Sunday, August 24, 2014

I saw the Assault on Arkham...

"Batman: Assault on Arkham" is one helluva fine animated feature, and unique, not because it teams villains (that's certainly nothing new), but because its criminal sect is forced on a questionable jaunt that may actually lead to a positive outcome. 

Directed by Jay Oliva and Ethan Spaulding, and written by Heath Corson, "Assault" is based on the popular "Arkham" video-game series. Putting that tidbit aside, the standing story is taut and edgy, its style smacking of Frank Miller, Guy Ritchie and any number of recent heist/mission-fueled tales.

The ensemble is recruited by Amanda Waller, a governmental Ma Barker/Parker type with a history of gathering talented, unsavory foes for furtive sprees. In the case of her current rogues, she has implanted tracking/explosive devices in them, geared to explode if they dare stray: a measure similar to that used to keep Snake Plissken in line. 

The group is fancifully labeled the Suicide Squad and consists of Black Spider, Captain Boomerang, Deadshot, Harley Quinn, KGBeast, Killer Frost and Shark King. Per Waller, they are to enter Arkham, where the Riddler is stationed (after having been nabbed once again by Batman) and retrieve his stored cane, which is allegedly equipped with a thumb drive containing all of Waller's recruits. (The Riddler apparently planned to plant the info on the Internet before being apprehended.)

A number of mishaps occur in the process, allowing Quinn to enter the asylum first, which means she has a greater chance of encountering the Joker, with whom she now holds a rift, but really, how long is such likely to last?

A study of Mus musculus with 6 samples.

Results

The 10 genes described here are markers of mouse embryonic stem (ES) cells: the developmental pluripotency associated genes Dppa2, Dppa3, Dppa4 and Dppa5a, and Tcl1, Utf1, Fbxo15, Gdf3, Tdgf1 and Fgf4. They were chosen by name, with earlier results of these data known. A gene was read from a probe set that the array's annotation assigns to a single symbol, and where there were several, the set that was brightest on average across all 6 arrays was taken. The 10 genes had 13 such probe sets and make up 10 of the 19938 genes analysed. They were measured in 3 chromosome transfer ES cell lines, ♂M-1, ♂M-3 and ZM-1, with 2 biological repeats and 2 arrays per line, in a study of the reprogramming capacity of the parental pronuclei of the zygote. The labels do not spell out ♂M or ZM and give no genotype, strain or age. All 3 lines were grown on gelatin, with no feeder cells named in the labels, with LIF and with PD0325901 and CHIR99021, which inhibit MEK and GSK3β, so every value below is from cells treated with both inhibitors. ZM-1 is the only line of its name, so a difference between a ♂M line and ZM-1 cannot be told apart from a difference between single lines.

In the process, we learn that the Joker has, in fact, installed a bomb, which would annihilate a large portion of Gotham's citizenry. Can the fiend be stopped? Does the Riddler possess the skill to detonate the device? Such profound questions permeate "Assault" and effectively perpetuate its escalating tension. 

Adding to the story's gleeful dementia are supporting appearances by Bane, Commissioner Gordon, the Penguin, Poison Ivy, Two Face and a cool utilization of Mr. Freeze's ice-ray gun.

In that the villains never truly go good, they are graphically ruthless in their attacks, particularly on the Arkham staff, which squashes any sympathy they might otherwise gain. The film is also further adult-oriented for its surprising but satisfying nude scenes of Frost and Quinn. 

Though the Dark Knight significantly figures into the plot, the Squad remains the essential focus: a unique and successfully rendered twist, which is likely to be extrapolated once "Assault" catches on (case in point: the proposed, live-action Spider-man villain-heist film). 

Running under 90 minutes, "Assault" is fast-paced yet remarkably character-driven: overall, probably the best direct-to-disc, animated feature to surface in years, which is saying a lot, since there have been several other exemplary examples from both DC and Marvel. If it had been extended to live-action, it surely would have been a theatrical blockbuster. 

Nonetheless, though its variables may be unorthodox, "Assault" never forgets to distinguish good from bad. At its heart, it still promotes an ethical stance, and for that, admirably fits the superhero genre to a tee: a most satisfyingly complex hybrid, if ever there was.

1 comment:

  1. I'll be darn. Looks like the above concept will seep its way into live-action. The cast is building; the light is green--all go for a DC supervillain movie!!!